Wednesday, September 13, 2006
Wednesday, September 06, 2006
Head circumference: 97th percentile
Height (3 feet): 90th percentile
Weight (29.5 lbs.): 75th percentile
Basically, his proportions make him sort of like a bowling ball perched on top of a broomstick. Or maybe a hot dog. He's not a total stringbean, but he's definitely more tall than he is broad. Hmmmm, come to think of it, that makes him something of a Ted In Miniature. Tell me something I didn't know.
The child is apparently a shining example of health, and the only thing Dr. Thomas had to say with even a shadow of negativity was that I really need to get his blood tested for lead, seeing as how we lived in a 1920s bungalow when he was a baby, and we've never had him tested just to be sure. She's been telling me to take him in for this blood test for at least a year. So--even though it meant I had to take another hour off from work and go to a different clinic location altogether--I finally did it.
Here's what blew me away and prompted a friend to refer to Arlo as "supernatural."
Arlo didn't cry. Not even a whimper.
He sat in my lap, and I held his arm straight as he proceeded to not squirm. He watched as they tied the tourniquet around his doughy little arm. He watched as they put the needle in his vein, and he watched the blood come out of his arm, through an itty-bitty tube, and into a vial. The phlebotomist was efficient and quick, and Arlo got a blue crayon-shaped Band-aid when all was said and done. As I oohed and aaahed over what a good boy! he had been, he simply folded his hands together, and looked up earnestly at the phlebotomist who had drawn his blood.
"Sticker?" he said. "Please?"
You may send condolences to Ted at our home address because I think I died from sheer pride when he said that. Thanks for playing, all you other parents! I officially have living in my home the Greatest Kid on the Planet.
The best dollar I spent on Arlo's birthday (maybe the best dollar I spent all month, honestly) was for the bag of three punchball balloons at the Dollar Tree store. Three kids, three punchballs, one dollar: that's my kind of math! Therefore, no child actually becomes a punchball. They played together beautifully, and we were all very proud and relaxed that our children were behaving so nicely.
The adults? Not so much.
When I was younger, I never would've guessed that you could still have a rip-roaring good time, dirty jokes and all, at the birthday party of a two-year-old. But there we were, drinking responsibly and looking down each other's shirts with absolute serenity while our lovely children got on famously with the toys and each other. I'm pretty sure I have more fun now than I ever did before having Arlo. It's like I try harder. You give me the opportunity to mix motherhood with mayhem, and boy-oh-boy, I am up to the challenge. Sir, yesSIR!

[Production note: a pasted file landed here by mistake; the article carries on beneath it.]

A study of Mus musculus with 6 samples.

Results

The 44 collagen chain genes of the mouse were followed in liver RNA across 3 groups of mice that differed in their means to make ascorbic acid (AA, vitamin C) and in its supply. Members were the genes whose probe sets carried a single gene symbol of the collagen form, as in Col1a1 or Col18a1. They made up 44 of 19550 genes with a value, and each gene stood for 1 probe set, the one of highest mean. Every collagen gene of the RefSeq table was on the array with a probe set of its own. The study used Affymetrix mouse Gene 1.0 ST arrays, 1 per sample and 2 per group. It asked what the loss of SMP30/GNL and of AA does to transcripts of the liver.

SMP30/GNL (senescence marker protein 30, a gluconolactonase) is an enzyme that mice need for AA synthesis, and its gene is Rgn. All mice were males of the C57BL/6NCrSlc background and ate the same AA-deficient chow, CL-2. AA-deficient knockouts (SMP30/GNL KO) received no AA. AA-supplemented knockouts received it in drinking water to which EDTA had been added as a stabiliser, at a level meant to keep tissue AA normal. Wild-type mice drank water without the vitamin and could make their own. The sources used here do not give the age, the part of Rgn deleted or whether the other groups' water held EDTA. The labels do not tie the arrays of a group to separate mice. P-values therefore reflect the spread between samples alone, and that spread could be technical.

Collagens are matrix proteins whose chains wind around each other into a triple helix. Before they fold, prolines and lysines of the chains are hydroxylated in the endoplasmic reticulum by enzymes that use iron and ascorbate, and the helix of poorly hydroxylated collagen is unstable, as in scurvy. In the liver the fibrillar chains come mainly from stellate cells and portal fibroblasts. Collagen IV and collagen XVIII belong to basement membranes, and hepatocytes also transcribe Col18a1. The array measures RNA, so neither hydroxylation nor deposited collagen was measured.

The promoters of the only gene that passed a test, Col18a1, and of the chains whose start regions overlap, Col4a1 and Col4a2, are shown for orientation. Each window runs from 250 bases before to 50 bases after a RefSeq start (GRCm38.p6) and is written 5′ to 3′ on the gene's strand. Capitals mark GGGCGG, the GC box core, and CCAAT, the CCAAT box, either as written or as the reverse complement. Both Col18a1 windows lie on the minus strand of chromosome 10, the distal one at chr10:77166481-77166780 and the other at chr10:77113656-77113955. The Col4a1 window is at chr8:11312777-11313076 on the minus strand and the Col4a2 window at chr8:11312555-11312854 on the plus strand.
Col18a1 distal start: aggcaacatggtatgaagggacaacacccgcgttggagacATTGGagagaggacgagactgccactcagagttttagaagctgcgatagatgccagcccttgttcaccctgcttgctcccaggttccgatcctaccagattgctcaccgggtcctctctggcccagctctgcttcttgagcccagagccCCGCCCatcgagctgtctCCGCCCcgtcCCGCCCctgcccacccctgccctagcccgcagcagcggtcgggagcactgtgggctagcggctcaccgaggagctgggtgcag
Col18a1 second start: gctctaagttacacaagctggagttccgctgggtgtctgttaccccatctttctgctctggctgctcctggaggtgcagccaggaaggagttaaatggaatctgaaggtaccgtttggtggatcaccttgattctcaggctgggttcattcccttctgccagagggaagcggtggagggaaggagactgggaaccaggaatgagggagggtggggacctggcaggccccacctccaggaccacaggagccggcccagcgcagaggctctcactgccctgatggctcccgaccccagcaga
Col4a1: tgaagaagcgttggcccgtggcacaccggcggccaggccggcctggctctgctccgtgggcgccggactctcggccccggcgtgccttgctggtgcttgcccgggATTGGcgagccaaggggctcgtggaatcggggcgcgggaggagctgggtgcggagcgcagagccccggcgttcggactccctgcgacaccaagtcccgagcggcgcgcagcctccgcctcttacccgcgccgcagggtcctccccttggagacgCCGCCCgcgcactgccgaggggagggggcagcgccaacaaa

We're very lucky to have a loyal tribe of good friends who are still our friends when we haven't called them in a month. Or three. We feel incredibly fortunate that people still come to our parties when we invite them, even though most of the time we are caught up in the life that we've made with our little boy and our full-time jobs and our house and our yard and the persistent and unavoidable fact that someone has to make dinner and someone has to do the dishes and the laundry. Thanks, everyone, for Arlo's best birthday yet! Check out more pictures at Mara's flickr page: http://www.flickr.com/photos/arthurdawg/sets/72157594271194629/.
Friday, September 01, 2006
This toy, which we generally refer to as "Pooh" at our house, was given to Ted and me at our baby shower by our friend Beth, whose kids had loved it and outgrown it. Sometimes Arlo calls it a "lawnmower" because, you know, you walk behind it and push it just like you're mowing the lawn. Pooh spins around in place when you push it. That's all. (Well, okay, I happen to know that Beth disabled the clicking mechanism that was original to the toy, but we do not wish for more noise in the house so that's good.) Anyway,
Arlo LOVES it.
It's a fail-safe approach to getting him out the door to walk to day care in the morning, and a sure-fire way to not have to carry him all the way there. Arlo zooms along, pushing Pooh, stops and squats to look for cars before crossing the street (see Appendix to post below) and pushes Pooh right up to the spot in Tata's driveway where she parks the stroller. He parks Pooh, and wiggles up the steps to the door.
Yesterday, when we reached the top of the stairs, I opened the door and put my hand on the top of his head to guide him through it. Breathlessly, he reached up and pushed my hand away, and backed up a few steps to the threshold at the top of the front steps. He grabbed on to the rail, leeeeeeeaned out over the top step, and yelled "BYE, POOH!" while frantically waving his hand at the toy on the driveway.
And then--only then-- he was ready to start his day.
Appendix: When I first started talking to Arlo about looking both ways for cars before crossing the street, I would squat next to where he was standing, to get down on his level while we looked for cars together. The idea, of course, was that he would remain standing. How naive of me! Of COURSE he's gonna squat. And point. Because that's how Mommy does it, duh!